BY HEIDI BIGGAR
Ending speculation about its IP storage strategy, Hewlett-Packard said it will begin demonstrating its iSCSI "solution set" at industry events this fall and will deliver first products early next year. The news comes out of HP's networked storage solutions organization (NSSO) and is an integral component of the company's Federated Storage Area Management Strategy (FSAM).
"We haven't been as clear as we need to be about where we stand in the networking space with iSCSI or with WAN encapsulation technologies like FCP and iFCP," says John McHugh, general manager of HP's networking division. "This announcement details our strategy and direction: It tells where we're going and what choices our customers will have."
Though specifics are just emerging, McHugh says the company has been actively involved in the iSCSI area for about a year.
"We moved our networking organization into the storage organization with the objective of getting to this point," says McHugh. "By having our networking team work alongside our storage team, we've been able to get a clear understanding of the [not so trivial task] of running storage in an Ethernet environment." In particular, HP will leverage its experience with its Procurve line of Ethernet switches.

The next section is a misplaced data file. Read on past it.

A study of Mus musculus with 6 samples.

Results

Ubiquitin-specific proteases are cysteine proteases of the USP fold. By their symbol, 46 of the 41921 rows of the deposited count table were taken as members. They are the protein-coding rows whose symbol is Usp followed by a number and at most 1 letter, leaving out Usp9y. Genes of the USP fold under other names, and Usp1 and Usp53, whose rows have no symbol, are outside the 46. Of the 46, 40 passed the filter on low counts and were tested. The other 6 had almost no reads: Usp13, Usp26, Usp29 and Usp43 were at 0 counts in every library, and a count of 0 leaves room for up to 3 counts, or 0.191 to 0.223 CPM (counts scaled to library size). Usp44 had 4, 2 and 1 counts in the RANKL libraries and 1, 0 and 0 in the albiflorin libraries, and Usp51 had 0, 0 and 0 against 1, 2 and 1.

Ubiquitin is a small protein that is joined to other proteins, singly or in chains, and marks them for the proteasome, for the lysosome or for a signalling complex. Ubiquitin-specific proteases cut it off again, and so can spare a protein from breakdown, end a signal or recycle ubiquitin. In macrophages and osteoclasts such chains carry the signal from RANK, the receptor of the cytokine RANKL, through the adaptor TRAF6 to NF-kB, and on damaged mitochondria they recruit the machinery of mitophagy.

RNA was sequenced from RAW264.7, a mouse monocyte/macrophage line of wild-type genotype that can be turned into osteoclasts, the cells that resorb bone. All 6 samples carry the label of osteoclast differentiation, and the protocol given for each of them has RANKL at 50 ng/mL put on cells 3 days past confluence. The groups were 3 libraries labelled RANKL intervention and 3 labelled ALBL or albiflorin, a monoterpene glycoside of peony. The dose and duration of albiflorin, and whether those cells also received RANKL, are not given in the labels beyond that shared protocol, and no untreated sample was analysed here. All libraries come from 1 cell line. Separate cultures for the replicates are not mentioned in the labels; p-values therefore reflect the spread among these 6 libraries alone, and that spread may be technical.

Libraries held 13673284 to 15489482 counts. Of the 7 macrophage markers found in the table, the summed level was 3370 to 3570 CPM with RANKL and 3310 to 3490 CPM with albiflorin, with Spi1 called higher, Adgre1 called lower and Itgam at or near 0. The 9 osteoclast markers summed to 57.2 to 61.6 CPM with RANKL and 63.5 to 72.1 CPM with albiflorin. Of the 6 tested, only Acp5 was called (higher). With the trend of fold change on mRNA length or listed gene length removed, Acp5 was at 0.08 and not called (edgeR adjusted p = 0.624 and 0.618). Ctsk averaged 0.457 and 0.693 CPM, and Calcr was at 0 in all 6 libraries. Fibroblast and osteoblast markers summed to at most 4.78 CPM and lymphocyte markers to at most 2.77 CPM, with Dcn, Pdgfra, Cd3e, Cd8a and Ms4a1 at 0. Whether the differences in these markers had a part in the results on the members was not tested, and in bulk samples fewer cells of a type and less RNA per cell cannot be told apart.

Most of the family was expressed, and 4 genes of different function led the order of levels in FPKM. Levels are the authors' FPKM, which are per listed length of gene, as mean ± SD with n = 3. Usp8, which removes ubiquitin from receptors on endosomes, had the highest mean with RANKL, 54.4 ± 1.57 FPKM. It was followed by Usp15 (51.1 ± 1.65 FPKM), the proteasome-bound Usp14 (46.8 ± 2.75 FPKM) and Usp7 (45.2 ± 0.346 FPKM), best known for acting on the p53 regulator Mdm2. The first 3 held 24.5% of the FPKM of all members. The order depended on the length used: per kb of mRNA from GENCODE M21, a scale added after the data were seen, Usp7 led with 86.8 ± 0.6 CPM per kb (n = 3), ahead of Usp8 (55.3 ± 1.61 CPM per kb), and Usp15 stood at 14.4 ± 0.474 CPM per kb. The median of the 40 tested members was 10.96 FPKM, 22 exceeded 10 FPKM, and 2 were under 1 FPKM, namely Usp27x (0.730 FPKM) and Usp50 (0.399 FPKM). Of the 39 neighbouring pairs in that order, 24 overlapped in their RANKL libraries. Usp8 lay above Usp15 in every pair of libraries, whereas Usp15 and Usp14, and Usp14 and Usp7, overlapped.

HP's goal is to create a borderless SAN that allows users to build an entire solution.
"Our goal is to let users build an entire [IP storage] solution from HP or mix and match with best-in-class pieces [from other vendors]," explains Mark Thompson, HP's worldwide marketing manager. Initial products will include HP iSCSI disk arrays, tape libraries, switches, and OpenView management software, as well as Adaptec's AEA-7111C host bus adapter (HBA). The plan is to expand these offerings over time, creating a parallel product line to its Fibre Channel family.
By offering users a breadth of interoperable iSCSI products, HP hopes to drive adoption of iSCSI solutions in the market. One gating factor for HP, as well as other players in this space, is a finalized iSCSI specification. The Internet Engineering Task Force (IETF) is expected to approve the standard late this year.
"IETF approval is a pacing factor for us," explains Thompson. "We want to make sure all our products are interoperable with the standard so that people don't get stuck in a dead end with proprietary solutions."
As for its Fibre Channel plans, those will continue on course. "We don't believe iSCSI will blot out the sun and Fibre Channel will disappear," says Thompson. "What we want to do is give users more choice and more flexibility around how they implement storage area networks."